US lifts oil exports ban, now what?

In a vote of 261-159, the United States House of Representative passed a resolution to support lifting the 41-year old ban on U.S. oil exports. However, the U.S. Senate is still divided and the debate on removing the ban has pit the senators from states with oil production against those with refinery operations. The Obama administration also opposes lifting the ban and threatens to veto the related bill. Congress first put the ban after the 1974 oil embargo in an environment that was not favorable to the nation’s economy, inflation, and trade and energy sector. This intervention in the market mechanism immediately sent gasoline prices soaring, and now there is a fear among politicians that if the ban is lifted, fuel prices will increase and they will be blamed.

The oil export ban has been one of the oil industry’s top priorities. A coalition of more than a dozen of oil companies has lobbied Congress for more than a year to lift the ban. The push for the ban removal has recently been motivated by the shale oil boom, which has increased domestic oil production by more than 40 percent since 2008. The lift should allow those companies to sell the U.S. trapped oil at a higher price in the world’s markets. The exported oil may fetch one extra dollar or so per barrel to those companies, compared to selling it at home under the ban. We should note that the world’s oil market is one great common pool, and thus is global and not regional. Therefore, any small amounts of exported oil will not affect the global 93 million barrels per day oil production significantly, and again, we should not expect any considerable increase in oil prices in the U.S. and the world. Some studies even expect a small price decrease as a result of increased competition among oil producers, the U.S. oil companies are already allowed to export ultralight oil (condensates blended with heavy crude by refineries), which is lightly processed as well as other processed oil products such as gasoline.

This measure is likely to allow those companies to produce more oil: though not substantially so, as more production may lead to lower prices. Currently, U.S. oil production has plateaued, even starting to decline in the last three months as a result of the collapse in oil prices. This pushed small shale oil prices to marginalize expensive oil wells. The collapse also reduced capital investments significantly, which should negatively impact future oil production.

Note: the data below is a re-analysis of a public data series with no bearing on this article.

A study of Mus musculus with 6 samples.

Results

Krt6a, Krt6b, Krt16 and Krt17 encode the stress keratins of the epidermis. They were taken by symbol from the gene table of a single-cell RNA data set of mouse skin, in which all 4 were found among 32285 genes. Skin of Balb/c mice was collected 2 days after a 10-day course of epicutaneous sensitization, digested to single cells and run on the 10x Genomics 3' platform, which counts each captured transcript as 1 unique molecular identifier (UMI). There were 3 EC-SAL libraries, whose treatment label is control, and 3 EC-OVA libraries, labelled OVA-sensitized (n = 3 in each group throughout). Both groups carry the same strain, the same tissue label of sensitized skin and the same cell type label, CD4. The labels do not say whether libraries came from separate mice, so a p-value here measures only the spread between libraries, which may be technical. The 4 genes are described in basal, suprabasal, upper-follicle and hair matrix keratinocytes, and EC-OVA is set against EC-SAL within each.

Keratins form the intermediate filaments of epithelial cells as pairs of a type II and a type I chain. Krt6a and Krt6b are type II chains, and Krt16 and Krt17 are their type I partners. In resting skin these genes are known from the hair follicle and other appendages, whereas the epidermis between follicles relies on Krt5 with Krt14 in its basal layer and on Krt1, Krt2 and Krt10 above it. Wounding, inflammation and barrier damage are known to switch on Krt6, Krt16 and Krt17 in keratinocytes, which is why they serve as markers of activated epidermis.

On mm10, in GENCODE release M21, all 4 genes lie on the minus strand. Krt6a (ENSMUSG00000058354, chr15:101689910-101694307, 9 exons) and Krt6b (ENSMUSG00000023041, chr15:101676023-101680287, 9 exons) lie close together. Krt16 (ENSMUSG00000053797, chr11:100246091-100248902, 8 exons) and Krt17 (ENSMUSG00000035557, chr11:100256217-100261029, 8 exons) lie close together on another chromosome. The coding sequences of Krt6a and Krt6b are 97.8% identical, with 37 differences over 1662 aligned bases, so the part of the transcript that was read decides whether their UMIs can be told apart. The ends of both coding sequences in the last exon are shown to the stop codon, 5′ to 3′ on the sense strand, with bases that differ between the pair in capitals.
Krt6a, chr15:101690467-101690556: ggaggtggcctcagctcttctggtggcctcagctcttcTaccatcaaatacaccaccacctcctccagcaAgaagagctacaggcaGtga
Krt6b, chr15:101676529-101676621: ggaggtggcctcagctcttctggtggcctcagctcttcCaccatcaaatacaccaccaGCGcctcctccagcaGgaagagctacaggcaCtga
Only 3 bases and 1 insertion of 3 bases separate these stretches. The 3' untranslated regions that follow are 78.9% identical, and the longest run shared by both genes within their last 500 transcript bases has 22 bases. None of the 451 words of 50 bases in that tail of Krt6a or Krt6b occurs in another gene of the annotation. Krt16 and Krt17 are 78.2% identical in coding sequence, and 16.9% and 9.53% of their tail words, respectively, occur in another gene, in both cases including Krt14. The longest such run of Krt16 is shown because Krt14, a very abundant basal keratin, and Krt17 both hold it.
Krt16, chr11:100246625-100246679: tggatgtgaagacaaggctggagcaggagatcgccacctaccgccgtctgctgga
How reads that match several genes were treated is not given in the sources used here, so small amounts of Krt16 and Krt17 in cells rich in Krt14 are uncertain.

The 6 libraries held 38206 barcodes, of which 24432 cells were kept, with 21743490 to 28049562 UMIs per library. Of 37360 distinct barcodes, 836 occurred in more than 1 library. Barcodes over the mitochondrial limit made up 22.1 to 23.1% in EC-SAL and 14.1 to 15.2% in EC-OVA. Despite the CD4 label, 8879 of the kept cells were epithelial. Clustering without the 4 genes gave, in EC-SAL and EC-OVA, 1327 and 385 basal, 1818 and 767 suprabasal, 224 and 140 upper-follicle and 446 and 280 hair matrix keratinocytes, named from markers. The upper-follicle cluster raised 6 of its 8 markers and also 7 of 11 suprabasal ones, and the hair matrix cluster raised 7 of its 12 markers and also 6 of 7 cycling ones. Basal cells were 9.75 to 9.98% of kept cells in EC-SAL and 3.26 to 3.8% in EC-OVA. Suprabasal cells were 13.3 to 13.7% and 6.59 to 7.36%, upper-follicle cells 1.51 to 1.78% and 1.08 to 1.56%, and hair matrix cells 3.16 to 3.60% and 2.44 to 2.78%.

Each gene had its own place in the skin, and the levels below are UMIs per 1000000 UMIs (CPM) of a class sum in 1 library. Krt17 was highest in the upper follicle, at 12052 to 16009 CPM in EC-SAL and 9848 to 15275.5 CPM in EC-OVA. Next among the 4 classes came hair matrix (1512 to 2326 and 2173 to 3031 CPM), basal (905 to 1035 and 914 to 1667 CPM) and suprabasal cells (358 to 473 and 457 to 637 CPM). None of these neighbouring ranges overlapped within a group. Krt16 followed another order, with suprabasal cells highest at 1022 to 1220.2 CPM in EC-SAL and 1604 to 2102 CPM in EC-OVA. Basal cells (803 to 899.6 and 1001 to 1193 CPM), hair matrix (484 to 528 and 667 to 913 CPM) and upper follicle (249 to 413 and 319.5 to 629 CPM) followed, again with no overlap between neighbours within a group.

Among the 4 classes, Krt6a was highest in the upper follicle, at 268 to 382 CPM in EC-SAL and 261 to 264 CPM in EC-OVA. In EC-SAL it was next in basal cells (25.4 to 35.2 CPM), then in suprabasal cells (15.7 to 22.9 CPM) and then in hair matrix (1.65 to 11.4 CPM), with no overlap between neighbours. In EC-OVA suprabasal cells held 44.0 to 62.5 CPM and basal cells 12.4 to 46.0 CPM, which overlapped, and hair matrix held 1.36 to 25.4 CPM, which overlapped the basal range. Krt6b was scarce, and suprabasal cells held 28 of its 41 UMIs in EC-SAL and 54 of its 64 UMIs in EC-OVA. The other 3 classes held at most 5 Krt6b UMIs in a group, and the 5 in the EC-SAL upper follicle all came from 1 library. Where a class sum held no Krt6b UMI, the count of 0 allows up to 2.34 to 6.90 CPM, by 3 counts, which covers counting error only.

Recent studies show that lifting the export ban will not lead to a material increase in gasoline prices because oil companies are now selling U.S. produced gasoline overseas and will not be able to sell much more gasoline abroad since the ban does not apply to gasoline and other refined products exports. Moreover, large refineries in Saudi Arabia and United Arab Emirates are coming on stream, which will strongly compete with American gasoline in global markets.
Moreover, a recent study produced by the energy consulting firm IHS shows that lifting the ban has also some benefits. This study demonstrates that a lifting of the ban would bring in $750 billion in new investments which in turn would increase oil production by 1.2 million barrels a day. It would also create about 360, 000 new jobs, which justify some lifting of the ban.

The U.S. is not unified in what to do with the ban. The chemical companies oppose lifting the ban because oil is the feedstock for their chemical products which means that their costs will rise. The oil refineries also oppose the lift because they believe that this measure would increase the price of gasoline to American drivers, thereby reducing the demand for this fuel. A U.S. design of experiment study estimates that the U.S. refineries would lose $22 billion lower by 2025 because of higher prices of refined products. The ban conflict between oil companies and oil refiners is now known as the battle between the “Crude” and the “Refined”. The environmentalists also oppose this measure because it may encourage the production of more fossil fuels which could hinder the efforts to move to a low-carbon economy. They also cite the example that lifting the Alaska oil export ban in 1996 worsened the then existing price differential between the West Coast and the national gasoline to support their argument in favor of keeping the prohibition. The Alaska crude oil exports measure was ended in 2000 after the differential widened over time.

Since the ban constitutes a market intervention, it leads to market distortions and misallocation of resources. However, the U.S. is not self-sufficient in oil as it still imports a significant amount of oil from Canada, Saudi Arabia, Venezuela and Mexico and exporting oil means. Lifting the ban all the way is not the optimal policy but partial lifting is beneficial to the U.S. economy. Therefore, the ban should partially be lifted so that eventually about two million barrels of crude oil can be exported per day.